BATTLE MP and Climate Change Minister Greg Barker says he plans to appeal a High Court ruling that government plans to cut subsidies for domestic solar panels are legally flawed.
Friends of the Earth and two solar companies took the government to court on December 21.
The government has said it will defend a challenge at judicial review.
People who have installed solar panels are paid for the electricity they generate under the feed-in tariffs programme.
The current rate is 43p per kilowatt-hour, but the government proposed a new rate of 21p per kilowatt-hour.
This new rate was expected to come into force on April 1, but in October the government said the new rate would be paid to people who had installed solar panels from December 12.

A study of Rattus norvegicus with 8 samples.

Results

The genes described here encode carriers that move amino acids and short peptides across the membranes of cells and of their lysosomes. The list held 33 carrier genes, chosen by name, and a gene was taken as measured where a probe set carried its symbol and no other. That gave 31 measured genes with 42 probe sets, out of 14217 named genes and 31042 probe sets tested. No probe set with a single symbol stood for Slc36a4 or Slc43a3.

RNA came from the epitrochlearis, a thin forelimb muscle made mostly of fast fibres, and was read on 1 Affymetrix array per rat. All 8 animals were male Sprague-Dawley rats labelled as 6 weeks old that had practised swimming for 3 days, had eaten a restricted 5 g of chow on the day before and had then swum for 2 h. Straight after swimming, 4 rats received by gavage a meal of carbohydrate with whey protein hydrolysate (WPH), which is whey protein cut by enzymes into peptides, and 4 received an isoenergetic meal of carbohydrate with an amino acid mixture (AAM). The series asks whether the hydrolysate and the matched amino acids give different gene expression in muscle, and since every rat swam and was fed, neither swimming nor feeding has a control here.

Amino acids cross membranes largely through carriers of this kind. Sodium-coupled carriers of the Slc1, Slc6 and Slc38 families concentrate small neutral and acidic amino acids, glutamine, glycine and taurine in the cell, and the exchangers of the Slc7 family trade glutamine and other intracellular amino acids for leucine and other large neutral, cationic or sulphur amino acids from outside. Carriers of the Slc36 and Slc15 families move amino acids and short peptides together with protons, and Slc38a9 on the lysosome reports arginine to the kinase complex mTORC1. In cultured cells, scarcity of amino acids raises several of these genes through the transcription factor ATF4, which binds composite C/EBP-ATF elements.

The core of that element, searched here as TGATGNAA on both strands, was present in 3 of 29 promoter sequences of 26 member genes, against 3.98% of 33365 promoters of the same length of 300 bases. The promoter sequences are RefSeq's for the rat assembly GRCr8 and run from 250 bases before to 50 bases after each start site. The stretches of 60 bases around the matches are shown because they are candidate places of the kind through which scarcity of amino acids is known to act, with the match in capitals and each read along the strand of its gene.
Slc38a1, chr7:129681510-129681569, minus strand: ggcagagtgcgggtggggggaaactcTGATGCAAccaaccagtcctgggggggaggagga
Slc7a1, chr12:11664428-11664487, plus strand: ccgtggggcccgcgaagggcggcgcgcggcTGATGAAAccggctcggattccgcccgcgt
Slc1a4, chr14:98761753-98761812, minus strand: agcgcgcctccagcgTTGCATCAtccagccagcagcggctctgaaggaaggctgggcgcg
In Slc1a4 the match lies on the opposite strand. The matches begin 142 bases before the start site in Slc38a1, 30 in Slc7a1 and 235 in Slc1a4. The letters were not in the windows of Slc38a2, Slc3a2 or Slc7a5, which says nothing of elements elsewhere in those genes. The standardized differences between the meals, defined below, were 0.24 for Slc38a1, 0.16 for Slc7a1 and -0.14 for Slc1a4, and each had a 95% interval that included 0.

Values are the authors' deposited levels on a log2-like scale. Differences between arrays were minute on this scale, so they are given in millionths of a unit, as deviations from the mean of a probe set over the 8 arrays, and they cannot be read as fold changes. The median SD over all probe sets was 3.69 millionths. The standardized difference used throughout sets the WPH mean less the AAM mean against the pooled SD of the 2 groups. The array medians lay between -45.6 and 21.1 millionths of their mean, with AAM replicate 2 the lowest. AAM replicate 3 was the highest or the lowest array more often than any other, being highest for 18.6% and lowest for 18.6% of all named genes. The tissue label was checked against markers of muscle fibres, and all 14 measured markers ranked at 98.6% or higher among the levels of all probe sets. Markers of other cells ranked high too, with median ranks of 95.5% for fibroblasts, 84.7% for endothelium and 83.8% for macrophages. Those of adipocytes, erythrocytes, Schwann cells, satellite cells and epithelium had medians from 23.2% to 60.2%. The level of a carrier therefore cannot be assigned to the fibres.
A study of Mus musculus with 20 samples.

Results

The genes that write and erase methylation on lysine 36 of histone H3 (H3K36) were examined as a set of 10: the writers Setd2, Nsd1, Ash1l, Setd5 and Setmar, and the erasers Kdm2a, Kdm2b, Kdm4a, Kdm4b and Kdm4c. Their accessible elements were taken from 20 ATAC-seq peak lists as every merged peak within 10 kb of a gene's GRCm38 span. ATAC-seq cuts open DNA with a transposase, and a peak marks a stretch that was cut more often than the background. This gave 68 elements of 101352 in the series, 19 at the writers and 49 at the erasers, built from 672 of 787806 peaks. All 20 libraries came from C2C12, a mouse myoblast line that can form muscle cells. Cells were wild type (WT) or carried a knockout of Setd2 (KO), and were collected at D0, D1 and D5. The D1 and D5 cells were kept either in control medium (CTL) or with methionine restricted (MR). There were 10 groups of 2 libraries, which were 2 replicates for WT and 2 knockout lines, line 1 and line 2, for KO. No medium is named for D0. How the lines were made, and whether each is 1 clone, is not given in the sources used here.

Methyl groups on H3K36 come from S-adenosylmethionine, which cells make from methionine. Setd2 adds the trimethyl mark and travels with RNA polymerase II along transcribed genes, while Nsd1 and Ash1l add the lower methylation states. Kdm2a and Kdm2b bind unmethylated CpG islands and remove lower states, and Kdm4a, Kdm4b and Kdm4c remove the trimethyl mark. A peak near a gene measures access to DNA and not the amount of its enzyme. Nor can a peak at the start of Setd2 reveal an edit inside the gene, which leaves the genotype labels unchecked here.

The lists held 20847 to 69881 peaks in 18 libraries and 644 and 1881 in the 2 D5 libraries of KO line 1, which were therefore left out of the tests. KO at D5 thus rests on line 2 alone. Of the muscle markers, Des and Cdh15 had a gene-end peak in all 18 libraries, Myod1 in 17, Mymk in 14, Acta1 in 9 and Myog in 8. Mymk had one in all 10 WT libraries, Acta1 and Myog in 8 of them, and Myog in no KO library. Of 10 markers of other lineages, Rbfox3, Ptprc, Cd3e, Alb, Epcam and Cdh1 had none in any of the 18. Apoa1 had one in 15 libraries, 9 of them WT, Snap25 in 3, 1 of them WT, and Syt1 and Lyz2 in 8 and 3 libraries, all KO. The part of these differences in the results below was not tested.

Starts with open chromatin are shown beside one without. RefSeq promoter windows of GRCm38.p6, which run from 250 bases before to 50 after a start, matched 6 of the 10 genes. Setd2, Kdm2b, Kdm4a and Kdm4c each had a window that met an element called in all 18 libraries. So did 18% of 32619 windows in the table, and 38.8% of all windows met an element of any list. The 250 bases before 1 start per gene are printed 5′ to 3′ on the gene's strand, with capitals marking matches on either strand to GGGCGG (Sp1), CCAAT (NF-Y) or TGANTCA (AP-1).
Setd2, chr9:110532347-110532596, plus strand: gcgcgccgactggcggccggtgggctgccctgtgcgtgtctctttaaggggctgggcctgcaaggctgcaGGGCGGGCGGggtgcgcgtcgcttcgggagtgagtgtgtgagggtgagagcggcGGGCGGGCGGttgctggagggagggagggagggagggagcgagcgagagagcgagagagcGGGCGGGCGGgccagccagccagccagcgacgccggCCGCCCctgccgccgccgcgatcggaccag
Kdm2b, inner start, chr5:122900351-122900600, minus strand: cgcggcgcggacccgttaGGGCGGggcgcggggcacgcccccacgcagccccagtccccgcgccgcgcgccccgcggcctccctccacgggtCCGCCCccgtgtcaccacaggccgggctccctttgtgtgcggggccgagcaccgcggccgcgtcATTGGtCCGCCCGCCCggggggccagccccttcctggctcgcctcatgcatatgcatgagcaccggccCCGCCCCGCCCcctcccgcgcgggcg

Friends of the Earth, along with Solarcentury and HomeSun argued the cut off point was unlawful and the High Court found in their favour.
Mr Barker said: “We disagree with the court’s decision.
“We will be seeking an appeal and hope to secure a hearing as soon as possible.
“Regardless of the outcome, the current high tariffs for solar PV are not sustainable and changes need to be made in order to protect the budget which is funded by consumers through their energy bills.”
Political opponents accused Mr Barker of failing to support the solar panel industry and say the plans put thousands of jobs at risk.
Helena Dollimore, spokesperson for the Bexhill and Battle Labour Party, said: “The Climate Change Minister appears to be failing to grasp the full economic picture.
“By more than halving the tariff, he is devastating the nascent solar panel industry that Britain should be supporting.
“Whilst our international competitors support key industries, the Conservative-led Government appears to be failing to grasp obvious opportunities.
“The government’s proposal will threaten 25,000 jobs in British manufacturing. “It seems irrational to cause massive redundancies amongst skilled workers, reducing the revenue generated by the solar panel industry.”